If you’re just joining us, I recently got a Lexus SC300 for free on Craigslist. It is rough-but-lovable. In memory of its owner, I’m planning to make it worthy of daily-driving duty and using it to retire my Golf R.
If you read my spreadsheet post (the last link above), I’m trying to carefully track all the things that the Lexus needs to replace my Golf R – even allowing me to confidently sell it – as a daily driver. There’s no question in my mind that things will come up, and I’ll learn unpleasant surprises the further I dig into my fun, free toy.
But since I’m doing this on a very specific budget, I’m trying to focus first on what the car needs most. In order to ready a car for daily driving duty, it has to be three things:
- Mechanically sound – I want to feel confident that it can run well, consistently, and not leave me stranded, in all scenarios. This means it must hold oil, not overheat, and have acceptable steering and stopping function.
- Functionally comfortable – I also, perhaps more selfishly, want to not feel gross when I’m inside the Lexus. I want the surfaces that I touch to be pleasant; free of cracks, dirt, and grime, and to experience a reasonable temperature and sounds while encased in the cabin.
- And, ideally, pretty to look at – This is obviously subjective, but I personally think it’s nice to have a car that looks nice.
Ideally, I should focus in that order. But that’s boring, right?
Also, I still don’t have the title for the car (more on that later). So I’m not going to invest hours and hours of time, and tear my project apart if it were to get vandalized or stolen, and I had no recourse because it isn’t technically in my name.
So what can I do?
I can detail my car! The second purchase that I made for the Lexus (the first being a battery, honestly too boring to blog about) was a detailing kit that I got on Craigslist for $50. That kit included (albeit partially used):
- An electric orbital buffer
- A really dope bucket
- Two different bristle brushes
- Clay bar kit
- Wash concentrate
- Three kinds of polishes
- Two kinds of carnauba wax finishes
- A bunch of microfiber towels
I estimate the value of all this stuff around $150, so I think I came out okay. However, I got a $290 speeding ticket on the way home from picking it up, so the $70 I saved was… offset somewhat.
When I decided to use my newfound kit for the first time, I took a look at my headlights and decided that I couldn’t possibly detail my car until I’d restored my headlights. Here, look how gross they are:
Yes, there are a couple notable issues here (the cracked high beam housing, the huge chunk of missing paint, and the other, smaller chunks of missing paint), but pay attention to the deep clouding and yellowing on both the headlights and the lower fog lights.
So, no detail just yet.
So what can I do instead?
I’ve always thought that clean headlights made a huge difference towards the overall appearance of a car. Since this car happens to look so terrible, this should be a good step in the right direct. I figured this would be a good opportunity to:
- Detail the car without the headlights
- Restore the headlights out of the car
- Test an old car-forums theory that toothpaste can restore headlights more effectively than wet-sanding and/or Turtle Wax.
The first step in headlight restoration is to actually remove the headlights from the car. I’m a big fan of this option – I’ve done it on a number of cars – but it’s more pleasant when the headlights are easier to remove.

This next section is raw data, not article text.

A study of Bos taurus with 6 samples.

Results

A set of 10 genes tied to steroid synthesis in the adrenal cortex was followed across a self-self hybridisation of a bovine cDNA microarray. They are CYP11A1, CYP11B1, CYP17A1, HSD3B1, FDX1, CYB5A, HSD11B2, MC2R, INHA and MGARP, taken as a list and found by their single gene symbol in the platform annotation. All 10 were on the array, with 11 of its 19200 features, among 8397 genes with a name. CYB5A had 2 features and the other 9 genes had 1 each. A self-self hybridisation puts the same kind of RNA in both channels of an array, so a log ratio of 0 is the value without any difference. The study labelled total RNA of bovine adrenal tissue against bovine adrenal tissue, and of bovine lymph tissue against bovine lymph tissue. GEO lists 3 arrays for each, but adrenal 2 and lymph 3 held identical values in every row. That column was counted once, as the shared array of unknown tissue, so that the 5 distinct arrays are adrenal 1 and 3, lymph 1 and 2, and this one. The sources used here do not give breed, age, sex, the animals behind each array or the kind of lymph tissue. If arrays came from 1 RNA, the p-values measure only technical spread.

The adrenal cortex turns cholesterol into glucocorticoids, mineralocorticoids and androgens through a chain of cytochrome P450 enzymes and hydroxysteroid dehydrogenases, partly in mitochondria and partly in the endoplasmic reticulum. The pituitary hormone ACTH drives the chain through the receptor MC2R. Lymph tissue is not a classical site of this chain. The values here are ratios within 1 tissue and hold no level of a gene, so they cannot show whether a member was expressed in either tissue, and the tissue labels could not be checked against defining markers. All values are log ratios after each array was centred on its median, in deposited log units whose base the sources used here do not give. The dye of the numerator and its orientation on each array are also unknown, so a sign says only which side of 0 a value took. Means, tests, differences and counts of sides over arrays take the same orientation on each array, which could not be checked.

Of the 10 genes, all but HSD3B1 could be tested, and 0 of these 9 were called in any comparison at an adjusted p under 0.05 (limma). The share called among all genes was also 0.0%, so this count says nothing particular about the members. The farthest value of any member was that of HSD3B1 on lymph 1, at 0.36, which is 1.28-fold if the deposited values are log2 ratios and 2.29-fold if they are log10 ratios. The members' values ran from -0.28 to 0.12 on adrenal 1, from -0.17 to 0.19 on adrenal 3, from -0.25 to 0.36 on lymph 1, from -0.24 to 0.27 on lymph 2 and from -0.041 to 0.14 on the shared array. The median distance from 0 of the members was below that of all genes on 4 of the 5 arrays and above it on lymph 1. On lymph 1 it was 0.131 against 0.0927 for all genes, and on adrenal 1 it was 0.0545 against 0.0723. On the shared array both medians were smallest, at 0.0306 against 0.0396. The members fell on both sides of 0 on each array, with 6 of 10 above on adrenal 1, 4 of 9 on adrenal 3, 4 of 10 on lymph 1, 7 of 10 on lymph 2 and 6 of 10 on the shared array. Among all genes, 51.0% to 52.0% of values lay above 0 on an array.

In order to remove the headlights on a 1997 Lexus SC300, you have to pull back the inner fender liners and approach some bolt nuts from behind the headlight. Why this couldn’t have been exposed in the engine bay is beyond me.
Not only is it about 8″ from the liner, there’s a rusty bolt waiting to tear up your wrist.
Once you can reach those nuts, you can yank the headlights out, and then the fun begins! I was committing to testing my toothpaste theory. The internet says that baking soda is the active ingredient, so I purchased the cheapest Arm and Hammer tube at the CVS within walking distance. I wanted to take this opportunity to get to know my orbital buffer, so I decided to use a different method for each headlight.
I’d use my new toothpaste and a bristle brush (see: bulleted list of cool shit that I got on Craigslist) on the left headlight, and the orbital buffer on the right. After I’d decided on a winner, I’d finish the loser in the opposing method, and then I should have two nicely cleaned headlights!
As it turned out, the orbital buffer far outperformed the bristle brush – to the point that I felt stupid for trying the bristle first – so I spent some time refinishing the left headlight in the orbital option.
I then finished the toothpaste buff with some detailing polish (see: my bucket full of toys), buffed that out by hand, and it looked great!
I was really happy with the results! Seeing as (outside of the buffer) this only cost $4 of material – and I had leftover toothpaste – I think this was money well spent.
I then went out to the car and polished the fog lights without removing them from the car. Yes, I know I just made a fuss about pulling the headlights. Why not remove the fog lights? Frankly, this was just too much of a pain in the ass to be worth it.
They took about five minutes per side, but they looked like I spent 20 minutes on them, easily!
Since the headlights are now out of the car and restored, I’m running out of ways to procrastinate on detailing my project car.
I’m going to include some “after” photos to compare the headlights, and it’s clear from these photos that I’ve completed my detail. Just know that I’ve already written about it and will be publishing soon.